Flags are a feudal phenomenon. Not until the French tricolor was the flag a focus of nationalism. Even during the 19th century, flags were used mostly in military, naval, and diplomatic contexts, and were seldom seen by civilians. Often there was not one national flag but a variety for different uses and occasions. Americans did not pledge allegiance to the flag, they swore to uphold and defend the Constitution—the swearing having definite overtones of Christianity and the Anglo-American legal tradition, unlike the secularist Pledge of Allegiance.

Not until the age of mass conscription—World War I for America—did the flag itself become a fixed focus of patriotism. Nevertheless, the Stars and Stripes are now firmly established as such, a symbol of American community in relation to the rest of the world, consecrated by the blood of free men. Most states, quite properly, have laws against desecration of this essential symbol.

The overturning of these laws by the federal Supreme Court, on the plea of freedom of speech, is thus a gratuitous strike at one of the few really binding elements of a large and diverse republic. No matter how many million-dollar Harvard lawyers are hired to develop sophistical arguments for the Court, their reasoning is puerile.

The Founding Fathers viewed freedom of speech as a prerequisite of majority rule, of that debate and deliberation of the public things that was necessary for consensus and decision. When Patrick Henry declared, “If this be treason, let us make the most of it,” he was not engaging in a private fantasy. He was speaking as the delegate of the freeholders of Hanover County, in the councils of the Burgesses of the Commonwealth of Virginia. (The words were uttered, by the way, in the parish church of St. John’s, Diocese of Virginia. Listen up, separation-of-church-and-state fanatics!)

The exercise of free speech is, then, evidence of participation in community, a desire to influence deliberation and decision. It cannot be absolute, since the equal right of others to speak and the rules of deliberation must be preserved. For the Founders, sedition, slander, and blasphemy were not protected by the right of free speech, though nearly all preferred to have offenses defined and punished by other than the central government, the restraint of which was the purpose of the First Amendment.

Such offenses demonstrate not a desire to participate in deliberation, but a contempt for the community and its processes. Thus there is no reason why Rushdie’s infantile blasphemies have to be protected by the Western democracies (though, of course, the laws against murder and assault must be enforced), because such utterances are not an exhibition of deliberation and reason but of contempt for the process of reason.

I am not a Moslem, nor do I particularly wish to see Islam established in my country. Nonetheless, for any decent person, gratuitous slander of the historic faith of millions is a repulsive act, even if it is someone else’s faith. It is something that no decent community tolerates, though it is perhaps better if such offenses are prevented by the community rather than by the state authorities. This would be true even if we were at war with Iran, for to discountenance blasphemy is a function of our own decency and self-respect, not of a phony pluralism.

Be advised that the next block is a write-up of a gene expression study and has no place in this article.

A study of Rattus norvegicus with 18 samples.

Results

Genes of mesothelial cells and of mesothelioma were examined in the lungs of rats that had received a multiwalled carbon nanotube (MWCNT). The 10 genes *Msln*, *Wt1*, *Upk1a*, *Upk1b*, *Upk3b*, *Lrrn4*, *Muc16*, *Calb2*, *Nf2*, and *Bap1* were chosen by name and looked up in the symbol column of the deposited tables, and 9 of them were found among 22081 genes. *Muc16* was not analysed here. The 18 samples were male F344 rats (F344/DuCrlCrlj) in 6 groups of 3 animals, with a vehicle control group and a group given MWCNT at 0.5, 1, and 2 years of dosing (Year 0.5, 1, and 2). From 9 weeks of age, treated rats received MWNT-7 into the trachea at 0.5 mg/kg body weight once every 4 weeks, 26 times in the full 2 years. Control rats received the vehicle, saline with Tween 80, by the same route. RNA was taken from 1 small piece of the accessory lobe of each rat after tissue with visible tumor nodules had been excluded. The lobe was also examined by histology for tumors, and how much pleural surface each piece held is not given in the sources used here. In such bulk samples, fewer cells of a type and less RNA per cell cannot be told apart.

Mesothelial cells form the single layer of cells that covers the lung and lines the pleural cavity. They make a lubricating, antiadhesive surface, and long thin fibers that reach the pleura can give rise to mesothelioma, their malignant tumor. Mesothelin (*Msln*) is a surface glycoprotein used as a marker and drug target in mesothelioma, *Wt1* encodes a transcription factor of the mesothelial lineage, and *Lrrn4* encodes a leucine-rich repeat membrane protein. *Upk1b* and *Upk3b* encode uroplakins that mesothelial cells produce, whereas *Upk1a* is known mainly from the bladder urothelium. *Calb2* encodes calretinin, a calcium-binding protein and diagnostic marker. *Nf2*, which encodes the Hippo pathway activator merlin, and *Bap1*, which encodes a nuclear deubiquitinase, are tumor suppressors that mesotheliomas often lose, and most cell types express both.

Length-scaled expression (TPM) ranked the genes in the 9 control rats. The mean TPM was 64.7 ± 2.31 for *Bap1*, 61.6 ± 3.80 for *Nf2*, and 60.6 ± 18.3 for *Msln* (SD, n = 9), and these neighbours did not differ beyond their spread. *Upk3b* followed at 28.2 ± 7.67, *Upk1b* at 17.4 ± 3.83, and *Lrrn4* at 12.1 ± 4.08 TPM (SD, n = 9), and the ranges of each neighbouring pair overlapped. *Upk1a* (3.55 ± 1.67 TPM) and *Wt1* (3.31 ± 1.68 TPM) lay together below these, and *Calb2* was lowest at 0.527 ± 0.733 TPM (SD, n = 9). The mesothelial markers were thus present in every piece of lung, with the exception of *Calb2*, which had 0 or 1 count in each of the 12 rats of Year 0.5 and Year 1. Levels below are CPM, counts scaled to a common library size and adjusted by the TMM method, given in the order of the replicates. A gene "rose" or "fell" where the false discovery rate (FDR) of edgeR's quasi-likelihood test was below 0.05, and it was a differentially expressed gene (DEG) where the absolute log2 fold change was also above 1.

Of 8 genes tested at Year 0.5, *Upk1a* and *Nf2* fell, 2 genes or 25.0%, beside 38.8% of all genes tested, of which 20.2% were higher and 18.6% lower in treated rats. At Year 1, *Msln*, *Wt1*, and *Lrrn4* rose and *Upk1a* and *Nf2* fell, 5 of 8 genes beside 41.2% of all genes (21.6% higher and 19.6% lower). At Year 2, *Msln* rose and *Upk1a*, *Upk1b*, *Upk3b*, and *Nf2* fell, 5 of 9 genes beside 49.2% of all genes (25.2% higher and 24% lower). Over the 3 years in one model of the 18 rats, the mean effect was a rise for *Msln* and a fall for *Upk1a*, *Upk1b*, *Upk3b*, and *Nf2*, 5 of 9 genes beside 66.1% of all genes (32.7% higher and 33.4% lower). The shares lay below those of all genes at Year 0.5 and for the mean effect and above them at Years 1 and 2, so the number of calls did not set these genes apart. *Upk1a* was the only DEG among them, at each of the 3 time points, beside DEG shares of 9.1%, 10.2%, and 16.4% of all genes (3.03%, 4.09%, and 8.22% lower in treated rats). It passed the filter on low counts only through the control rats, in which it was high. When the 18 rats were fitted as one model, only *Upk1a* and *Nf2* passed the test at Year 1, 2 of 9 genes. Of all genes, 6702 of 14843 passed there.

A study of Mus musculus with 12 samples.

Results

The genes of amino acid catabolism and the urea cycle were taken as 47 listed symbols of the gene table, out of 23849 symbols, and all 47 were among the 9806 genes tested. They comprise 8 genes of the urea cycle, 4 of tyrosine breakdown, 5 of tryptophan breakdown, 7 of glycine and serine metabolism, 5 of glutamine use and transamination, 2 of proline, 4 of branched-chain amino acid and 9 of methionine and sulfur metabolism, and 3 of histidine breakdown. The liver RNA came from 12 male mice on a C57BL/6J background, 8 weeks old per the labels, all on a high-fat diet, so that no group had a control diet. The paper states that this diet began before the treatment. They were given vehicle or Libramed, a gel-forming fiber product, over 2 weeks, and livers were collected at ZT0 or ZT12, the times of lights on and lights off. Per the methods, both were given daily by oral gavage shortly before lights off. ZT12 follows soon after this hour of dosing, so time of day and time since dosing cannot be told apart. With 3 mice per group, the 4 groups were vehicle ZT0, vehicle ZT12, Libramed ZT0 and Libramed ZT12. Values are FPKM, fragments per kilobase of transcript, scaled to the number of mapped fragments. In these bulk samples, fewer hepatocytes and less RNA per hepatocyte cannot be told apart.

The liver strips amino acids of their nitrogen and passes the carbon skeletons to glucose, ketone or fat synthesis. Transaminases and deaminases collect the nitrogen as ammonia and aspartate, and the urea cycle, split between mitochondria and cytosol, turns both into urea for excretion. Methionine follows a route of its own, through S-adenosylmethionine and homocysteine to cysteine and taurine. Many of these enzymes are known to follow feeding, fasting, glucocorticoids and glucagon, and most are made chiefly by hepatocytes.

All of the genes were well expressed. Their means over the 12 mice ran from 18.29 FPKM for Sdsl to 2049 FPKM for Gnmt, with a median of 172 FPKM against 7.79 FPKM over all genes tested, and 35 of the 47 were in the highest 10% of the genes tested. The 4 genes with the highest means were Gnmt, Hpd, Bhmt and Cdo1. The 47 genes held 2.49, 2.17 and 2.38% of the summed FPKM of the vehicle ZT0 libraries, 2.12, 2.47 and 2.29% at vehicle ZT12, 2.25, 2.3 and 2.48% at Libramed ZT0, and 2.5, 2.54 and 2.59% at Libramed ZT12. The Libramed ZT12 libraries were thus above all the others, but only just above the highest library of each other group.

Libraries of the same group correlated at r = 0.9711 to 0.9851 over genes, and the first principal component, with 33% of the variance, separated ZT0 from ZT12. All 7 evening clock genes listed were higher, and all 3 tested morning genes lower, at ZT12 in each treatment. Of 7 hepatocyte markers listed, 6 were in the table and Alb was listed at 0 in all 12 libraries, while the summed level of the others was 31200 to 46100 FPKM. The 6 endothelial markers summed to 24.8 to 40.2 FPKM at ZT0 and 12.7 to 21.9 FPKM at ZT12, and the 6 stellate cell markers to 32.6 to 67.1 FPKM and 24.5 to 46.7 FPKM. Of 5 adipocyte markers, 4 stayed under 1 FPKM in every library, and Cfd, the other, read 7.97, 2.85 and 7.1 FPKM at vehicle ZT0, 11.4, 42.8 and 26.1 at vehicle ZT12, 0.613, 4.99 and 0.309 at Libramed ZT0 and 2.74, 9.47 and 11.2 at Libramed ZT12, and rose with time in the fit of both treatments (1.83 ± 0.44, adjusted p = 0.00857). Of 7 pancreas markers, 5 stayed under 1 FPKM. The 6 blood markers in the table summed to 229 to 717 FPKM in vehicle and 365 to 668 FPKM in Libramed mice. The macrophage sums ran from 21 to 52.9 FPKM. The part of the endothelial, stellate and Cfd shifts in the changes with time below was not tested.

But flag-burning does not even qualify for the protection offered to blasphemy in a doubtful case. Flagburning is not speech, but an act. It is not participation in free deliberation but a demonstration of contempt for the community, the last step before an act of violence. It is, in this respect, analogous to a sit-in or painting a swastika on a synagogue. It is the instinctive understanding of this that creates the vast popular feeling against the Court’s ruling.

But, alas, the clamor for a Constitutional amendment against flag-burning bears about the same relationship to real statesmanship as flag-burning does to real freedom of speech. It is a mere disingenuous and insulting gimmick. The problem is not flag-burning. The problem is judicial usurpation and a warped reading of the First Amendment. These are the ills that would be attacked by a statesman able to perceive and pursue the welfare of the commonwealth.

The Reagan Revolution had two substantive accomplishments—the control of inflation and the rescue of the judiciary from left-wing extremism. We can only pray that the former will endure. The behavior of Justices Scalia and Kennedy in the flag-burning case must give us reason to wonder how solid the latter achievement really is. It will be a Pyrrhic victory if the justices continue to adhere to a disoriented legal tradition rather than exercising the courage and intellectual skill necessary to renew contact with the real Constitution.